An idea that’s all wet
It’s getting harder and harder to tell the Republicans from the Democrats at the County level without a scorecard when you hear about stuff like this:
Of course, protecting her firefighter husband from harm is an added benefit of the mandatory fire sprinkler initiative Councilman Cathy Vitale plans to push this month.
But the reason she wants every new home in Anne Arundel County to come with sprinklers springs from a story he once told her after a heart breaking day on the job…..
….For the past month, she has floated a plan to join the growing ranks of nearly 20 other jurisdictions that require every new home to come with sprinklers.
At least six counties have the rule, from neighboring Prince George’s County – which passed the ordinance in 1992 and since then has not seen a fire death in any of the 50,000 homes with sprinklers – to Talbot County, where an ordinance passed last week followed the death of a family of three.
Ms. Vitale has shopped her plan to fellow councilmen, who appear largely supportive, firefighters who have been longing for a sprinkler policy since the 1970s and to the homebuilders association, which generally oppose such measures.
There’s more below the fold….
Trending: A Reversal in the Assault on our History
This is the type of liberal nannystatism that you would expect from Democrats, not a veteran Republican County Councilwoman in the county’s most conservative Councilmanic District. And certainly not from a politician looking for a promotion in 2010. Voters remember when politicians add at least $1 per square foot to the costs of their new home.
And Vitale isn’t even the only alleged conservative who is gung ho for this idea:
Councilman Ed Reilly, R-Crofton, is an insurance agent and said the sprinklers will diminish the cost of insurance policies.
“I’m very much in favor of it, and I’m embarrassed we haven’t done anything before,” Mr. Reilly said at the hearing.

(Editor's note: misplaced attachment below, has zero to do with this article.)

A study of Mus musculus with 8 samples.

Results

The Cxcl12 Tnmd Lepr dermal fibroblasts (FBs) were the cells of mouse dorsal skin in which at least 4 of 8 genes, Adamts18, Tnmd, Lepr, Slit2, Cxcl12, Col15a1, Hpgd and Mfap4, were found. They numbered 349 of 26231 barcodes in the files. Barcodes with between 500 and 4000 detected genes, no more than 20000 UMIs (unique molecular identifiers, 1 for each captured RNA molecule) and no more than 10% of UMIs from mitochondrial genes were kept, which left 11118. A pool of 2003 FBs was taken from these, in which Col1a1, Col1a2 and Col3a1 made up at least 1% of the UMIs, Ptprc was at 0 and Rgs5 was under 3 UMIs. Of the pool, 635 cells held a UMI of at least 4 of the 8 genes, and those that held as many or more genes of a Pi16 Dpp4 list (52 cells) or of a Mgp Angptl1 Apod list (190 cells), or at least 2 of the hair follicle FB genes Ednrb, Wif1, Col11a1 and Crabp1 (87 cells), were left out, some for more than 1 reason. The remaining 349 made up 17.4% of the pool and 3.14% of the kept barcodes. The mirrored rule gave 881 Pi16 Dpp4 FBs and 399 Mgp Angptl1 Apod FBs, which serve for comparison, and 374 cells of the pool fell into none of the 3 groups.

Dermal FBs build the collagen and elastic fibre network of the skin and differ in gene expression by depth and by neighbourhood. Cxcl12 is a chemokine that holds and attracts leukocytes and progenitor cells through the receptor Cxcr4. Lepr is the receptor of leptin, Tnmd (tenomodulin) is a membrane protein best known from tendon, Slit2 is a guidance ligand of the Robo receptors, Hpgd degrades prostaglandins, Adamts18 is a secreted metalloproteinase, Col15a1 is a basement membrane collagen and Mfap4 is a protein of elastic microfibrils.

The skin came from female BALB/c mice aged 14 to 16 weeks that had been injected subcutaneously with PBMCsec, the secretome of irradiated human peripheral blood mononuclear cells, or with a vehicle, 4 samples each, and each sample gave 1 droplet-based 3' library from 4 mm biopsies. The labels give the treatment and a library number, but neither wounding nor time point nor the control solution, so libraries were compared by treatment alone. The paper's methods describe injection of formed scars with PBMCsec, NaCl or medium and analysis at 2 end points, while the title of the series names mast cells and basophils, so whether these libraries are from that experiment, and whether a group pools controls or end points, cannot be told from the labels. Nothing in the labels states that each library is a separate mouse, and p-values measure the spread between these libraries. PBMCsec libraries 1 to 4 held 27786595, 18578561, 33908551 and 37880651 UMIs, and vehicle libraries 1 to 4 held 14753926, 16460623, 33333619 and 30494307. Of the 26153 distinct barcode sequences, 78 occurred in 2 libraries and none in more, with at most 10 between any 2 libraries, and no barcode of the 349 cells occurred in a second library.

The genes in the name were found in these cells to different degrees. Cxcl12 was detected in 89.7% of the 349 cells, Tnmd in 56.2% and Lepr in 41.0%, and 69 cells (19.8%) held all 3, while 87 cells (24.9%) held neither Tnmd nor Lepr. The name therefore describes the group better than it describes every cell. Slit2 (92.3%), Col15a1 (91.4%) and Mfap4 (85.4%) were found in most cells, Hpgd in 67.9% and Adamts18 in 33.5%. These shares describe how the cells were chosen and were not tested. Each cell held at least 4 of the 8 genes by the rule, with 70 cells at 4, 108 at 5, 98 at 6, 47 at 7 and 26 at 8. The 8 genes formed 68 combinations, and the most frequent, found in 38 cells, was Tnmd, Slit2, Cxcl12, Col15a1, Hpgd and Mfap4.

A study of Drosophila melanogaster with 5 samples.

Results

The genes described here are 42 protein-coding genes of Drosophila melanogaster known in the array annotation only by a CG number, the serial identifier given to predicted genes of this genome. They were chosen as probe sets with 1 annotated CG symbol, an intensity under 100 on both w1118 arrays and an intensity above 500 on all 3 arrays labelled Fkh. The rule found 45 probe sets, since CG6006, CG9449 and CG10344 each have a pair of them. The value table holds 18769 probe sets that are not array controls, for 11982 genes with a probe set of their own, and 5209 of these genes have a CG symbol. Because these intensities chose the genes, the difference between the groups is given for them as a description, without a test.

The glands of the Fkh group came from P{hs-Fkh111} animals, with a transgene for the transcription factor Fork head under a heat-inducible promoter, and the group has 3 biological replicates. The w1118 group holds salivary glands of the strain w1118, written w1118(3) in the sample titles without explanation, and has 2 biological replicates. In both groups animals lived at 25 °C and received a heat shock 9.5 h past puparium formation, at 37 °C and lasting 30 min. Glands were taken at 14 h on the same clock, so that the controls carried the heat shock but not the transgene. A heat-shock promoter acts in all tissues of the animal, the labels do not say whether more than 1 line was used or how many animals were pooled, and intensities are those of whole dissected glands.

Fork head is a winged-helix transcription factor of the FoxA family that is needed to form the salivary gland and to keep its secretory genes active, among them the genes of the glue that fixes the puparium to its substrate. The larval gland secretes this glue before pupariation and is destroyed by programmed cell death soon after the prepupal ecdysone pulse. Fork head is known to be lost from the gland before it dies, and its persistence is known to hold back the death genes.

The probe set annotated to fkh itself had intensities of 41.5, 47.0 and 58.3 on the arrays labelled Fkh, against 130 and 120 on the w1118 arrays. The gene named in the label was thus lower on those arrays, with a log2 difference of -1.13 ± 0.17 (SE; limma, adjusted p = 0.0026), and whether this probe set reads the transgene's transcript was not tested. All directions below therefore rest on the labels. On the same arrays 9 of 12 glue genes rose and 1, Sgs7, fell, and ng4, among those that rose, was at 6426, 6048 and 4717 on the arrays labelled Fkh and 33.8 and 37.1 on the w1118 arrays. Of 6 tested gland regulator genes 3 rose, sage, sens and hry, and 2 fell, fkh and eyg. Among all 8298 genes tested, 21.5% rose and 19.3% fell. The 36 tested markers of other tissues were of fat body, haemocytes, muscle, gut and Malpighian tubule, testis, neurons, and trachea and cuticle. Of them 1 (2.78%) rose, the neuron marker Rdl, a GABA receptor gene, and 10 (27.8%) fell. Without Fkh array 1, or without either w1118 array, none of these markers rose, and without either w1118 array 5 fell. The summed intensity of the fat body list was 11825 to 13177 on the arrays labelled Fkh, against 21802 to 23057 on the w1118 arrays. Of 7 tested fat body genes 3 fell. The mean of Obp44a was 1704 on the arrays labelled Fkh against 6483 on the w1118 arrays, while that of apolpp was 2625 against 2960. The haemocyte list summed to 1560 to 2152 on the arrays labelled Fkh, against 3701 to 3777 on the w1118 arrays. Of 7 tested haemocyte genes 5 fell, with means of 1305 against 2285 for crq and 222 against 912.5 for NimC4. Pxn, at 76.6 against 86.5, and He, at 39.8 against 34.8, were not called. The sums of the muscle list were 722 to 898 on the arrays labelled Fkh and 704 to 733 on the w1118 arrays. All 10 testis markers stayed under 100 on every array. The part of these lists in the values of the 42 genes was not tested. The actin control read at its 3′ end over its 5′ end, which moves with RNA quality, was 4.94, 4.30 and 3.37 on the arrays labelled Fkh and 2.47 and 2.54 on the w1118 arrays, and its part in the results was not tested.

And the real question on everybody’s mind is how in the world the residents of this county are going to pay for this?
For example, neighborhoods on wells must also install holding tanks to make sure the sprinklers have enough pressure to work.
Who is going to pay for that? Is the county going to force new communities to build holding tanks, thus artificially inflating the prices of these new homes?
Additionally if people currently want sprinklers, they can have sprinklers. The market is already giving people the option. And the market seems to be taking care of this:
Today, people building custom homes order sprinklers, but it is rare for the builder of a subdivision to voluntarily install them in a new home, said Larry Cate, the vice president of Absolute Fire Protection in Severna Park who has been installing sprinkling systems in Anne Arundel for two decades.
“You won’t close a tough sell,” Mr. Cate said of sprinkler skeptics. “It’s usually black or white. You either believe in it and you want it, or you don’t.”
The extra costs put builders constructing neighborhoods at a competitive disadvantage, but Mr. Cate suspects that if every home was forced to have it, the playing field would be even.
Which is also a completely ridiculous statement from Mr. Cate. The playing field is already even. Some builders choose to install sprinklers. Some don’t. The consumer gets to make that choice as it is.
We all agree that deaths from fires in the home are a tragic loss to a family and a tragic loss to the community. But this idea is all wet. What is the benefit to the consumer if such systems are mandated? What are the chances that a home is going to be involved in a fire? Do we really want to pass such a cost on to homeowners, who are already going to be expected to pay more and more under the O’Malley tax plan? Do we want to pinch builders, who will likely see somewhat of a hit in business if they are required to install such systems at an additional cost?
I can see the current existing requirement in multi-unit dwellings. But to require that such sprinkler systems in new single-family homes is excessive. In a climate that already finds it difficult to construct affordable housing, why should new costs be added to by government. Vitale and Reilly should really reconsider their positions on this issue, as this is not the kind of conservatism we expect from our Republican elected officials.